Thailand’s Siam Commercial Bank is backing a startup, Ape Board, that has designed a dashboard to allow investors in decentralized finance (DeFi) enjoy an aggregated view of their portfolio.
“In the future we want to integrate traditional finance and DeFi,” said Mukaya Tai Panich, chief investment officer at SCB 10X, the bank’s corporate venture arm. “Right now, we see the same needs in DeFi as in ‘TradFi’.”
Ape Board was co-founded by Mike Phulsuksombati as a project while he worked as a developer at SCB 10X. Previously he was part of the product development team at SCB’s retail banking business.
At SCB 10X, the team was encouraged to use various DeFi protocols, to familiarize themselves with blockchain-based finance. That experience was interesting, but also troublesome, with clunky user interfaces and a lack of communication among decentralized apps and or chains.
“There’s no way to view your entire portfolio, especially if you want to operate cross-chain,” Phulsuksombati told DigFin. A user with assets in apps ranging from lending to investing to rewards can’t keep track of it all; Phulsuksombati found himself spending a lot of time each day on Excel spreadsheets to monitor his activities.
Ape Board is a simple portfolio tracker, but by aggregating one’s holdings, a user can operate in a more sophisticated manner. “This lets people apply the kind of trade and risk-management tools you find in TradFi,” he said. It makes it easier for users to trade derivatives and other tools to mitigate risk and manage liquidity.
The startup’s name winks at a common meme in the cryptoverse: the nonchalant, even disaffected ape that doesn’t worry too much and just invests aggressively. “The ape is relaxed,” Phulsuksombati said.
(A series of digital cartoon ape images such as the one above recently went, well, bananas in the NFT world, with one selling for $70 million. But DigFin digresses…)
Ape Board is designed to support blockchain interoperability, rather than tie itself to a particular one. It currently supports 79 DeFi protocols on five blockchains: Ethereum, Binance Smart Chain (BSC), Polygon, Solana, and Terra (in which SCB 10X is also an investor––see below).
Zeroin is the oldest of the portfolio trackers for DeFi, with initial funding back in 2016 and a product live in 2019. From January to July 2021, it processed more than $600 million in transaction volumes for over 200,000 users, according to an article on Medium by Stakingbits (which has more detail on these trackers).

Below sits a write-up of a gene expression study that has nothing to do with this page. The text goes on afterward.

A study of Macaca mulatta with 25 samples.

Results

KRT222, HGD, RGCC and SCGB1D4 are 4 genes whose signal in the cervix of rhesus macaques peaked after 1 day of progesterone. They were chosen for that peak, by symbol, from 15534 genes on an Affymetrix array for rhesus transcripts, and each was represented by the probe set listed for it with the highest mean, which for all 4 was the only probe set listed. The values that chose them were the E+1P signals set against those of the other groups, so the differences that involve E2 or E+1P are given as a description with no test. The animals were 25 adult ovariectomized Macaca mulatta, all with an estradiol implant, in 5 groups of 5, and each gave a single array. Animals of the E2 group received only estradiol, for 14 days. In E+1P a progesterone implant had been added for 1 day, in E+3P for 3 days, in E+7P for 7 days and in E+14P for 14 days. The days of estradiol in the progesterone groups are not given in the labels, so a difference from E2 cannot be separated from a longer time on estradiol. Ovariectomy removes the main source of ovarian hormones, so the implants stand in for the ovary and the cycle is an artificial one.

Zapper launched in 2020 and is similar, although it is a desktop-only service. Zeroin and Zapper are focused on Ethereum-run apps. Ethereum is the most popular blockchain for DeFi developers, and it has the most activity and users – but its proof-of-work consensus mechanism is slow and expensive.
In contrast, Ape Board launched as a multi-chain offering from the start, with the goal of capturing users keen to use the new, faster breed of chains. In this it is similar to another competitor, DeBank, launched by a Chinese team. A fifth player, FarmFolio, has launched only covering BSC and Polygon users, and excluding Ethereum altogether. More trackers are on the development board.
Ape Board went live in April. It has now over 20,000 users in Thailand, and is beginning to attract users in Argentina and Brazil. Phulsuksombati declined to specify volumes transacted. Like most (but not all) of its competitors, Ape is a free service, but will begin to charge fees for value-added services as it rolls these out, such as helping users consolidate multiple cryptocurrency transactions (essentially a netting service) and yield-farming products that offer compounding interest.
Banks and DeFi
What’s most interesting about Ape is, of course, that it was created out of a commercial bank.
Nor is this SCB’s first foray into DeFi. Its 10X arm has also backed Alpha, a leveraged credit app, and Anchor Protocol, built on the Terra blockchain to provide fixed interest rate products.
“Stable interest rates are the biggest part of TradFi capital markets,” said Panich. “This is the equivalent to what SCB does.”
SCB 10X has a $50 million fund dedicated to DeFi. She says SCB 10X is investing along two themes.
First is DeFi projects that mirror what a commercial bank does in the traditional world. “We want to learn how they do it and see if it’s something we can integrate,” she said.
Second is infrastructure that make DeFi work better. One project is a cross-chain messaging service so users can exchange information or tokens across them. She likens today’s DeFi world to the Internet in the early 1990s when it was nothing but a series of intranets run by companies, universities, and governments. The advent of the World Wide Web enabled “the Internet”, the rest is history, etc.
Her team is also about to invest in a protocol to audit smart contracts on an ongoing basis, so that security holes or other bugs that developers missed can be identified in the ongoing use of dApps.
Ape Board is part of this attempt to bring some interoperability to DeFi. Panich says by supporting new blockchains, Ape is giving app developers extra support. “We can become an enabler,” she said.
She adds that DeFi can use the backing of traditional banks. DeFi developers are innovating ways to cut out intermediaries from a swathe of financial actions, such as lending, payments, and investing, with smart contracts replacing banks.
“But TradFi is good at customer interfaces,” she said, noting that in the world of blockchain, with its immutable records, there is no call center, no place to complain or seek help. And the user experience on DeFi apps is cumbersome and convoluted – which makes it unable to scale to a mass market.
“Banks can focus on the front end and use DeFi software layers to automate everything else,” Panich said. “If banks can partner with DeFi, we have a good future.”